1. Sinulog Festival
The Sinulog Festival is held every third Sunday of January in Cebu City. It is a feast dedicated to the Sto. Niño as well as a commemoration of the Filipinos’ acceptance of Christianity back in the early 1500s. It is one of the most popular festivals in the Philippines with a grand parade and a street party like no other. To differentiate itself from other Sto. Niño festivals, Sinulog has a special dance, a simple “two steps forward, one step back” routine.
2. Masskara Festival
The Masskara Festival is held in the City of Smiles, Bacolod, every third week of October. It is one of the most colorful festivals in the Philippines with everyone donning giant colorful masks. The festival originated from the local government’s desire to uplift the spirits of its citizens amidst a time of crisis in 1980. There are food fairs and street dances throughout the festival. The masks they wear serve as a reminder that Bacolod can still rise up from hard times with a smile.
3. Ati-Atihan Festival
The Ati-Atihan Festival is said to have inspired the Sinulog Festival as both center on the Sto. Niño. It is also held around the third week of January. Ati-Atihan roughly translates into “to be like itas/atis” who were the first settlers in the region. The festival makes use of indigenous and tribal themes such as music, dance, and other variations throughout the festival.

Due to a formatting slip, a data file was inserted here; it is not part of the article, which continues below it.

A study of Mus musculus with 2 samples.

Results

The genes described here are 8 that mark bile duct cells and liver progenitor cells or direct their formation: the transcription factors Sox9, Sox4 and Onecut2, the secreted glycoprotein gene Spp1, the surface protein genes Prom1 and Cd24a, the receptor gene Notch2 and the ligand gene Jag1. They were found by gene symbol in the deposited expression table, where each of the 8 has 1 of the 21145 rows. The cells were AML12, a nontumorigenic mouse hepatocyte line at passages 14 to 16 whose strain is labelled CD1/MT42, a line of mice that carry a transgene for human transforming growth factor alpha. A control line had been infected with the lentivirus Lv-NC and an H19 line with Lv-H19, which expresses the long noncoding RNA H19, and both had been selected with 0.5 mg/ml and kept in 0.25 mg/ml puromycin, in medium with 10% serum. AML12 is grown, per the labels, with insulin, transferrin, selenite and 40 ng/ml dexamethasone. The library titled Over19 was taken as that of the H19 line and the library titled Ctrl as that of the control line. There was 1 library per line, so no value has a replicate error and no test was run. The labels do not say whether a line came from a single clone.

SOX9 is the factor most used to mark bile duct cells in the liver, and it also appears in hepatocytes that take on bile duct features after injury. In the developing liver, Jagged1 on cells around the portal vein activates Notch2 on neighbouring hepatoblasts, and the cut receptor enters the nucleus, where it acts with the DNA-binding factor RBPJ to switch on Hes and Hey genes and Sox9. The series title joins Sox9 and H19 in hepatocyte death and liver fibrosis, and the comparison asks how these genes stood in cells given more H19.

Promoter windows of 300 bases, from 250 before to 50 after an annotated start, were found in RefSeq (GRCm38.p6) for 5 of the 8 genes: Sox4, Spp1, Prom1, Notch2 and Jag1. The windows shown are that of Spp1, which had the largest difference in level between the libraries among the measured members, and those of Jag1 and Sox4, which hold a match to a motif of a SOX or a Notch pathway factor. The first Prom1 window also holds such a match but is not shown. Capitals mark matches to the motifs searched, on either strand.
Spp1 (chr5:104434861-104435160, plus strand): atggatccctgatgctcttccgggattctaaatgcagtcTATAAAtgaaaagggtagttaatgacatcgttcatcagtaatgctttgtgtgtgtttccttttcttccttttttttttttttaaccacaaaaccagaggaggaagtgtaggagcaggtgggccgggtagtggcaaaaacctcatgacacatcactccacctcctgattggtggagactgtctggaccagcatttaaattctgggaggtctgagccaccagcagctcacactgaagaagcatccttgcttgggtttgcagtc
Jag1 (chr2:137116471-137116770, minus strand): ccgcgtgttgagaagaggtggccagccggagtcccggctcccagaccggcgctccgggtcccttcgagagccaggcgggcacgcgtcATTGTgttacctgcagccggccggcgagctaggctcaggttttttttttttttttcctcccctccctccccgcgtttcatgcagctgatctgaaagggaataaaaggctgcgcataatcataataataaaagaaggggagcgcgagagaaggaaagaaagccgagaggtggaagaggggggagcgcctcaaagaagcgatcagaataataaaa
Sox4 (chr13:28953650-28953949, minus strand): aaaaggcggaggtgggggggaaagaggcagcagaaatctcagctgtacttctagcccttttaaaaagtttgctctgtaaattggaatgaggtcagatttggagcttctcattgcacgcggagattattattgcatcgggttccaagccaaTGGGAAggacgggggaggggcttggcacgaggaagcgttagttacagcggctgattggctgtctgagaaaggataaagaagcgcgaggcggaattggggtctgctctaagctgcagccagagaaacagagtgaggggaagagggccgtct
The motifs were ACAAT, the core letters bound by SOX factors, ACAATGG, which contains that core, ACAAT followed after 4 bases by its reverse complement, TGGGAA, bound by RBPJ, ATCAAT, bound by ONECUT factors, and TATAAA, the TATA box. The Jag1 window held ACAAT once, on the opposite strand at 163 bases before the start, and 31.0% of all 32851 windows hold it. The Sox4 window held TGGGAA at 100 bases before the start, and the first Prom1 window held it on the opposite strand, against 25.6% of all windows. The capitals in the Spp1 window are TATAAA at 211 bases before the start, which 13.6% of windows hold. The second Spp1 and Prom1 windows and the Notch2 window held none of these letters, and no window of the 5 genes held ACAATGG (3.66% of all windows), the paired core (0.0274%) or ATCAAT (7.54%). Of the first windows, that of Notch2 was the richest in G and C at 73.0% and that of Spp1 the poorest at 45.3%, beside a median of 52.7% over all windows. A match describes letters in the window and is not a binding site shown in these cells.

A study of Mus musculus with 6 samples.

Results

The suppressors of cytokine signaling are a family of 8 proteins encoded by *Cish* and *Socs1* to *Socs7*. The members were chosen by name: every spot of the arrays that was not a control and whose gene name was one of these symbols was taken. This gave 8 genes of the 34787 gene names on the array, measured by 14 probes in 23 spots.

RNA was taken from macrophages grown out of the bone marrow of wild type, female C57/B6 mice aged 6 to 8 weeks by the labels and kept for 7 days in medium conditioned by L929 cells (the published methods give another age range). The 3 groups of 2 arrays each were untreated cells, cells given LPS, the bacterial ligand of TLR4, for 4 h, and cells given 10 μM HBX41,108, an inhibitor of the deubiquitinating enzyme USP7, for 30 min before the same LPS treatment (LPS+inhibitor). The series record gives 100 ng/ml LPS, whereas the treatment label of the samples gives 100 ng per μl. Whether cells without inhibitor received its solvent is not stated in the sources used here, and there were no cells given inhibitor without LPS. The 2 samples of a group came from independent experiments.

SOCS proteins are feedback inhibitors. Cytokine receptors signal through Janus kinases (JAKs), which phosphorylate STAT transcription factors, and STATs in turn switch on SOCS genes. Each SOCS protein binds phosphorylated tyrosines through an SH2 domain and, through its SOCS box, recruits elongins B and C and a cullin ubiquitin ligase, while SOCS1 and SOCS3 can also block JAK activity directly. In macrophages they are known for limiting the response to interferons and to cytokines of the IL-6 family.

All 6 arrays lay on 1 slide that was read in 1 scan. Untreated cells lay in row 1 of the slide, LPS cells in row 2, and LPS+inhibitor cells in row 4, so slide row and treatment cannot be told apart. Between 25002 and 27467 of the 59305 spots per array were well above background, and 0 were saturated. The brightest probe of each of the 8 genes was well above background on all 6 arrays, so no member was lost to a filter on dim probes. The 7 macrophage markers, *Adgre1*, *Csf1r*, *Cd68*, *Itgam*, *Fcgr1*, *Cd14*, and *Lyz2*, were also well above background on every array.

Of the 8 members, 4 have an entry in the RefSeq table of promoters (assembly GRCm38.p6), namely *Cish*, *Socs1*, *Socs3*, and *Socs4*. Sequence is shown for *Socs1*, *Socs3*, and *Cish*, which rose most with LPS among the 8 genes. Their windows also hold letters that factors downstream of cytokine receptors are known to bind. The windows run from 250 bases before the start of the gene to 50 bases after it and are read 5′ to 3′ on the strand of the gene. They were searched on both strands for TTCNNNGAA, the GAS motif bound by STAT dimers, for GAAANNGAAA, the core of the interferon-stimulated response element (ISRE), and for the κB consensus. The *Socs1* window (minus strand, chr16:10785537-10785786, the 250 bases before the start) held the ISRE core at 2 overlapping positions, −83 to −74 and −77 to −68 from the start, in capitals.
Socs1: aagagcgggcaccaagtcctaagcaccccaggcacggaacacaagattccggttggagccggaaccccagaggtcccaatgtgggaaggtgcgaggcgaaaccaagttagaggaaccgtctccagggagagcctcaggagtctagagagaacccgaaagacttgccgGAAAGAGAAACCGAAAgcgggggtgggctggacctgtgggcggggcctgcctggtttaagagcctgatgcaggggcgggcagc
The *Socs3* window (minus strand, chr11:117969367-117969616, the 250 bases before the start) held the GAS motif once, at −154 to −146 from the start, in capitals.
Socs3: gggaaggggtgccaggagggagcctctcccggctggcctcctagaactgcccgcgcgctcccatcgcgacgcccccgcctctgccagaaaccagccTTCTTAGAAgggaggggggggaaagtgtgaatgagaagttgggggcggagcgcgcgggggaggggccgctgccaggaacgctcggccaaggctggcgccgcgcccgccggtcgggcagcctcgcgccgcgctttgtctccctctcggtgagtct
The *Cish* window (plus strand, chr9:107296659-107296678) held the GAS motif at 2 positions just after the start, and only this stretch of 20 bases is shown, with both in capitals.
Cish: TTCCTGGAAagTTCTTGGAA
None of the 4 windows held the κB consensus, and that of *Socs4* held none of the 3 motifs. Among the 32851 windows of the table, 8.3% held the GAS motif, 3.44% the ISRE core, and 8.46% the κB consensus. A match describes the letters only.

4. Panagbenga Festival
The beautiful Panagbenga Festival is a month-long celebration in Baguio. It begins on February 1 and ends on the first Sunday of March. The festival was born to highlight the stunning flowers you can find in the area as well as to cheer up and raise morale after the tragic 1990 earthquake. All the events feature flower motifs. The grand parade is the highlight of the festival featuring floats covered in gorgeous flowers.
5. Pahiyas Festival
The Pahiyas Festival is a thanksgiving festival held every May 15 in the towns of Tayabas, Sariaya, Gumaca, and Tiaong in Quezon Province. It celebrates the bountiful harvest the province of Quezon has every year. What’s unique about the festival is their use of kiping, a rice cake wafer that is used to decorate homes, floats and, costumes. It happens to be edible as well, and it has even garnered recognition from various sectors for its being very eco-friendly.